I’m watching a play. There are two 20-something aged girls in pyjamas, curled up in over-sized armchairs facing the audience. Over the next 45 minutes I listen to their conversations. The ones that happen in the small hours of the morning, when best friends talk about everything and nothing simultaneously. I know these hours and friends well. Immediately memories start playing out in my mind. One friend inebriatedly crying about the effects of global warming on ocean animals after we built a fort and had too much whisky. Squeezing the hand of another on a rooftop right before we graduated college, afraid of letting go and growing up. Having the worst flu of my life and deciding the obvious antidote was to cuddle up on the couch together and spend the entire day watching the Godfather series for the first time.
The stage lights end and begin scenes intermittently. I soon recognize that I’m witnessing a shuffling of memories—various conversations during those hours that become the breeding grounds for future nostalgia. The girls, still enveloped in their armchairs, begin to turn from the audience towards each other and their discussion reveals that this is actually a play-within-a-play. The earlier conversations are perhaps entirely false. One girl tries to remember while the other gets upset for parts being erroneously represented. One is really here, the other is not. This relationship now grievously exists in one-sided memory.
“The worst part is that I’m not even me anymore. I’m just how you remember me.”
Light-hearted, funny, sentimental conversations fade into something that is universally experienced yet rarely portrayed: the loss of self that happens when old friendships dissolve.
The small-hours-kind-of-friends are like mirrors. We love the part of ourselves they reflect back to us. When one of those friendship ends it’s as if there’s a part of yourself you can’t see anymore. Whether the ending happens suddenly or more commonly, slowly and gently over time, any attempt at revisiting is prone to error and inaccuracy. I think one of the most jarring parts of growing up that no one tells you about is how often you will experience this:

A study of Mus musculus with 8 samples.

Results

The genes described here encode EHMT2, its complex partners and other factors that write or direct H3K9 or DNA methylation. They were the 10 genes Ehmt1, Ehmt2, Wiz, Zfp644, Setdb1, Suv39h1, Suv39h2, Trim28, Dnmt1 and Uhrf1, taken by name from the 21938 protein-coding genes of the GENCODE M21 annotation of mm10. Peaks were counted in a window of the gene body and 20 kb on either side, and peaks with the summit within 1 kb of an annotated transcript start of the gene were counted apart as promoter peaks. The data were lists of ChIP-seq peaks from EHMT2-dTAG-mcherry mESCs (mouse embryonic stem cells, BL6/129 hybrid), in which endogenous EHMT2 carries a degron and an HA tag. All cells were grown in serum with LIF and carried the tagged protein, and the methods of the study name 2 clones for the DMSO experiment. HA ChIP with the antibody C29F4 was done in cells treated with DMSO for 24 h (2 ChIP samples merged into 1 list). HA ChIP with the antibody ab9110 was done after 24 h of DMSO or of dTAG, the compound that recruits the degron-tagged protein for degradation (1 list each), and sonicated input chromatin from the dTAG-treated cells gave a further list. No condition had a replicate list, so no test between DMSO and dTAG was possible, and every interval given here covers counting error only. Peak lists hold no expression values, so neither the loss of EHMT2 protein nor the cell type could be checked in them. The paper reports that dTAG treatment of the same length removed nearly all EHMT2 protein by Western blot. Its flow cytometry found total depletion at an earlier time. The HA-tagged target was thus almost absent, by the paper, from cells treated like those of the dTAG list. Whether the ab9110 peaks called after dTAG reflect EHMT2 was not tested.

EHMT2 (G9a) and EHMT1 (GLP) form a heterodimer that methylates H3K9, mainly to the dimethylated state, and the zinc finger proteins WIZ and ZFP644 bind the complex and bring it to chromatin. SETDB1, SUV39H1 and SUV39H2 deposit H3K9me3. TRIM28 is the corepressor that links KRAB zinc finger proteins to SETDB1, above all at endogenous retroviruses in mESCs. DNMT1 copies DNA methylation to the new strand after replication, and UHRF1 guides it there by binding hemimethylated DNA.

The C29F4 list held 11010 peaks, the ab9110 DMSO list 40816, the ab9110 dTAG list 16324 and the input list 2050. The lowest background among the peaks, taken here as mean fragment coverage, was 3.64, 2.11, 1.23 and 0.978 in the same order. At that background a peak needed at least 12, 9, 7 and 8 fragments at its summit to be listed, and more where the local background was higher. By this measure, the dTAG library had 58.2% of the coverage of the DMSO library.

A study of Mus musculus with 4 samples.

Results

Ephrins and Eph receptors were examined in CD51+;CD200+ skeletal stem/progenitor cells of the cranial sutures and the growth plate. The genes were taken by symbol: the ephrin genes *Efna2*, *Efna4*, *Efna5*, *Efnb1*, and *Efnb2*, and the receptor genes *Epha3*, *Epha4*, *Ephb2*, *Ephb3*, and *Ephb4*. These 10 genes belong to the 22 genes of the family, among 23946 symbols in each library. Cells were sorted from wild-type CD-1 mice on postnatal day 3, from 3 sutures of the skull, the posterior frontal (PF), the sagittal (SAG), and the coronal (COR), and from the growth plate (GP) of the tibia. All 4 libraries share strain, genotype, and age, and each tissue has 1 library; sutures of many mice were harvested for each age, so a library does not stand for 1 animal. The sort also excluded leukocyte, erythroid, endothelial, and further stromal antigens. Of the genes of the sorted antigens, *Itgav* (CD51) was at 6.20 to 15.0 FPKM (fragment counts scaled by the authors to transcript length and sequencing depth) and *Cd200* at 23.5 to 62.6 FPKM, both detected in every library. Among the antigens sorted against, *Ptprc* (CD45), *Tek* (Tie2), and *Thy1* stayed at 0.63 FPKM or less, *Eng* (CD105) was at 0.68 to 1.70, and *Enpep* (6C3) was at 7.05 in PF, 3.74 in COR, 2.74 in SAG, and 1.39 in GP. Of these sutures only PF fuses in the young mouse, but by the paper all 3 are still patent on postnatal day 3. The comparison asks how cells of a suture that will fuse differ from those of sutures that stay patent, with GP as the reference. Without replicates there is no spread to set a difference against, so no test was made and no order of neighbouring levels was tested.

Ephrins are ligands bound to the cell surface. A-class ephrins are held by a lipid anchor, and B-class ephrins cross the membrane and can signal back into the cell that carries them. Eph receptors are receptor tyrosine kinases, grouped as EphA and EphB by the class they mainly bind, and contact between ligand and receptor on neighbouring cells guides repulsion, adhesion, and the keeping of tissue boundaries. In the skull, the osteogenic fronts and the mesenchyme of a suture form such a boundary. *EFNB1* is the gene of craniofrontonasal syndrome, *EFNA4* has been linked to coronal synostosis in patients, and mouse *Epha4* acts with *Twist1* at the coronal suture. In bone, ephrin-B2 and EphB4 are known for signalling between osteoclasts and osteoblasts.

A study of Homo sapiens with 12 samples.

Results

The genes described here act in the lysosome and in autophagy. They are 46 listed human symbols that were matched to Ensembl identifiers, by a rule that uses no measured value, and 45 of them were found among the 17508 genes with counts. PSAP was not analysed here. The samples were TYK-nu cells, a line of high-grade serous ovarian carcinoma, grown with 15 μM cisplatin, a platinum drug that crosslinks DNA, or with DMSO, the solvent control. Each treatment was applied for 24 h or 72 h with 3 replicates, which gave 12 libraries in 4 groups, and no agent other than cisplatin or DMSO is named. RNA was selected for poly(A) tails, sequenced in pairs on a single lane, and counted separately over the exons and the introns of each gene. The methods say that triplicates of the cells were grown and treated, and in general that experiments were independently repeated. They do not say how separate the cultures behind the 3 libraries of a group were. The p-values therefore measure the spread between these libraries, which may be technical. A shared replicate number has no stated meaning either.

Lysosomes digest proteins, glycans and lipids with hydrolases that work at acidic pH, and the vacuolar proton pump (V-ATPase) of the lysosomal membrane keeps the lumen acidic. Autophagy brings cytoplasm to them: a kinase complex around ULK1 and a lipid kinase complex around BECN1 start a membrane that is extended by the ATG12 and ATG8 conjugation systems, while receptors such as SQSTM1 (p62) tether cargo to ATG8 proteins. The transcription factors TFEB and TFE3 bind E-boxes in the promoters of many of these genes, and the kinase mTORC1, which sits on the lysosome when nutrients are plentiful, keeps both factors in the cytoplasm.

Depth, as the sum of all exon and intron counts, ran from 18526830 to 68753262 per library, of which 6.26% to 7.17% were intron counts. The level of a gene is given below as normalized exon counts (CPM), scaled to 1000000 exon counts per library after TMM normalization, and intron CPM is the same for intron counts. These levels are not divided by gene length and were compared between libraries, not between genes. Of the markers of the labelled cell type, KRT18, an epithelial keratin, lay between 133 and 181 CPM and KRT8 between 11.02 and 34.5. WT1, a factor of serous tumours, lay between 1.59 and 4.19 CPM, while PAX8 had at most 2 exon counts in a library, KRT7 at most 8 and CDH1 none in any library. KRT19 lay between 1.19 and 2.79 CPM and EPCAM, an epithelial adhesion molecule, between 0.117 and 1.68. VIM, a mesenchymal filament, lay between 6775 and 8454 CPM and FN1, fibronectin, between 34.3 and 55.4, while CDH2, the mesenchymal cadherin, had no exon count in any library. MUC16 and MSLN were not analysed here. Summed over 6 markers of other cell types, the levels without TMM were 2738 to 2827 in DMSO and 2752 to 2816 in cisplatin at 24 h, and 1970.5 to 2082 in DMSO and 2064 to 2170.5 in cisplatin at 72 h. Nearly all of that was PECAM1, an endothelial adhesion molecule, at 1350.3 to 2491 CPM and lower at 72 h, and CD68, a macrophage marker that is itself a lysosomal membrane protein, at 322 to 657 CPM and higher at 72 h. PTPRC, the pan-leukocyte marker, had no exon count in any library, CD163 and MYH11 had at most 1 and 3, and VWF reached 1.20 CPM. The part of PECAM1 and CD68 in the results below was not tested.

Looking back on something you thought you knew and discovering the reality you believed was something else entirely.
We talk about making vows with partners, but don’t we also make them with our friends? Not ones said out loud wearing pretty outfits in front of a smiling crowd. Silent ones in pyjamas that happen between “what’s up”s and “remember when”s. Vows that are spelled out in leftover pizza crusts and danced out on dorm room floors. Those vows made during the small hours propel us through so many big days. We assume best friends are forever kinds of things. We assume these friendships will fill us in the ways they always did. That this friend will know how to love us the way we need through all of life’s ups and downs. We assume that we’re honest with ourselves and with one another. We assume that we’ll always put forth effort in equal measure. But vows made between friends are just as subject to change as vows made between partners. It feels to me that most of us are taught to regard these changes with an air of nonchalance and progressive acceptance. This seems increasingly evident to me as I journey through a phase of life that is incredibly transitional for everyone my age.
It’s natural. Life happens. They’ll understand. People change. Things get busy. I’m sure we could just pick up where we left off.
I get that. I’ve parted ways from friends both abruptly with mutual acknowledgement and in a slow, silent fade out. I’ve cried after hearing about a friend’s engagement because of the changes that I knew would inevitably follow. I’ve quietly seethed over a friend’s job placement knowing it would take them far away from me. I’ve stayed up all night anxious about how things “felt weird” when we hung out last. I’ve experienced the sink in your chest the instant you realize they don’t care as much as you do anymore.
This play made me realize that everything I just described is a reaction of fear. These “normal” transitions in a friendship doesn’t just mean the change or loss of this person who has a specific and important part to play in your story. It’s kind of like a change and loss of self. If you love who you are around someone, if you’re attached to what they bring out in you or how they know and understand you, and then that connection shifts in a big or small way…it’s startling. Hard. Uncomfortable. It’s shitty, okay? It’s just shitty. And I wish friends acknowledged the silent vows more often. I wish friends talked about the transitions when they happen.
I don’t have a tidy conclusion or a specific point to make. Mostly I just saw a play and it brought my feelings to life in one of those beautifully messy ‘ME TOO’ ways that art tends to do.
Here’s to the magic of the small hours.
I wouldn’t take any of them back, no matter the outcome. Maybe that’s the point.